London Grammar‘s new song ‘Baby It’s You’ marks the trio’s triumphant return. The first piece of new music they’ve released as a band since second album ‘Truth Is A Beautiful Thing’ in 2017, it sees their ethereal indie pop given an icy makeover, imbued with pulsating electronics. Co-produced by the band alongside George FitzGerald, it ushers in an exciting new era for the band, and was a must-add for this week’s NME Radio playlist.
Here are all this week’s additions to the NME 1 & 2 playlists:
On the A List
“‘Hurt’ surrounds the possibility of healing from pain and the temporary nature of suffering,” Arlo Parks explains of her new release, “It is supposed to uplift and comfort those going through hard times”. With its warm melodies and Parks’ soothing vocals, it’s a musical balm that’ll soothe in these uncertain times.
On the B List
Taken from the soundtrack to Sofia Coppola’s new film On The Rocks, Phoenix make a sparkling return on ‘Identical’ – it’s a total joy.
‘Baby It’s You’
Produced alongside George FitzGerald, ‘Baby It’s You’ is a jubilant return from London Grammar.
On the C List
‘Model Village’, the latest single from IDLES‘ forthcoming third album ‘Ultra Mono’, is a blistering rally against the small-mindedness of small towns, with frontman Joe Talbot explaining: “I hated growing up in a city that was really a town that was really a fishbowl. I left as soon as I could, only to realise the fishbowl didn’t exist…just the fish, and they’re everywhere.”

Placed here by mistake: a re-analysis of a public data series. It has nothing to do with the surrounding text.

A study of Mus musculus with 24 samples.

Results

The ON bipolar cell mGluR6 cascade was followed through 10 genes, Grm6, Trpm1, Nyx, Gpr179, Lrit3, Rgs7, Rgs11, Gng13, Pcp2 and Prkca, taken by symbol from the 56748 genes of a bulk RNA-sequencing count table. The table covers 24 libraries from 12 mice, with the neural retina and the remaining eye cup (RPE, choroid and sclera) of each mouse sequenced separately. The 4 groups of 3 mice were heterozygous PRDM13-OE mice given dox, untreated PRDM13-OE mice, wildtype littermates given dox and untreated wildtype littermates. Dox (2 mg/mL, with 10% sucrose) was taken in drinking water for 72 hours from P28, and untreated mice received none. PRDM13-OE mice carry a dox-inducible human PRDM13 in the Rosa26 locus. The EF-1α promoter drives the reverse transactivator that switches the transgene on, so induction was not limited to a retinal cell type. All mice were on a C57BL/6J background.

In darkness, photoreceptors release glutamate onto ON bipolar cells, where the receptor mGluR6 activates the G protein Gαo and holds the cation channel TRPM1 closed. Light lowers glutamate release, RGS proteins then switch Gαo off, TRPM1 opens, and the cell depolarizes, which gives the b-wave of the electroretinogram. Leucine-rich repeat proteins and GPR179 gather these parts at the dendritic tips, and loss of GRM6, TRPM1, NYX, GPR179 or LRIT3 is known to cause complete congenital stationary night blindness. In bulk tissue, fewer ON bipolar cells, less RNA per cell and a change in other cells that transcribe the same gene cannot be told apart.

A skittering beauty from the upcoming Sufjan Stevens album ‘The Ascension’, this up-tempo number is an ’80s-infused, head-nodding treat.
Marie Davidson & L’Œil Nu
For Marie Davidson‘s new album (due out in September) she’s got a new band and a brand new sound. Teaming up with some old friends – Pierre Guerineau and Asaël R. Robitaille of group Essaie pas – and going by the name Marie Davidson & L’Œil Nu, the strutting ‘Renegade Breakdown’ is a scintillating glimpse of what’s set to come.
The latest single from London quartet TV Priest, ‘This Island’ is another searing cut of break-neck post-punk.
Aussie artist Fritz has explained that ‘Arrow’ is the “most brutally honest” song she thinks she’ll ever write, adding: “I never usually have this much anger and regret in my songs”. One for fans of Alvvays or Rostam, she couples breezy instrumentals with biting lyrics, resulting in a powerhouse indie belter.
Last up we’ve got this squelching floor filler from German producer Roosevelt. With a killer funk-flecked bass line and strobing synths, this one is pure disco euphoria.